Capital controls on Greece’s banking sector are starting to squeeze business in more ways than one.
Point of view
All the market wants cash, everybody wants liquidity to deliver goods, and we have moved that to our clients. We asked to be paid off (in cash) to give goods, otherwise we cannot deliver
There is now a dramatic shortage of cash on the streets and shopkeepers say average sales are down by up to 90 percent.
Ioannis Chatzitheodosiou, President of Athens Chamber of Tradesmen told euronews that a typical business with ten employees for the past week has had no revenue.
“How does it handle it? There are three ways: fire staff, gives forced days off from the summer holidays, or stop paying people,” said Chatzitheodosiou.
Greece is now trapped in a vicious cycle. Manufacturers need cash to make everyday goods like pitta bread, but their produce risks being dumped if there’s no money to deliver it.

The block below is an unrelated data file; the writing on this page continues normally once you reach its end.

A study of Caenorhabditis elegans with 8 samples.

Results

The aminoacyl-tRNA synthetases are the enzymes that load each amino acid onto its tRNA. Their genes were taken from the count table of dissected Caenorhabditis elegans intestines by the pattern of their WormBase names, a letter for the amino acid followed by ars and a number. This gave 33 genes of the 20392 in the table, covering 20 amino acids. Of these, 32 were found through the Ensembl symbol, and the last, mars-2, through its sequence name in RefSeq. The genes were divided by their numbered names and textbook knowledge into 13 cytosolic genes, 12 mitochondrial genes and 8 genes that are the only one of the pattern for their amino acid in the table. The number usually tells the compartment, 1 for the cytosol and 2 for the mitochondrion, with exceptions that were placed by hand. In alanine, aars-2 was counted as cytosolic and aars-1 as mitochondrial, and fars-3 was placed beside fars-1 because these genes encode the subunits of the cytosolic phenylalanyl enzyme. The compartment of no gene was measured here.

“All the market wants cash, everybody wants liquidity to deliver goods, and we have moved that to our clients. We asked to be paid off (in cash) to give goods, otherwise we cannot deliver,” said Marios Kaloidas, chief executive officer of Elviart.
Elviart is Greece’s biggest pitta producer with a history going back more than 150 years. But the firm now faces closure as it has run out of cash.
Our reporter Symela Touchtidou said: “We find ourselves in uncharted territory” say the Greek business people that have never had to deal with such circumstances before. And they warn that if banks stay closed next week, there will be a chain of consequences with employees the unfortunate victims.”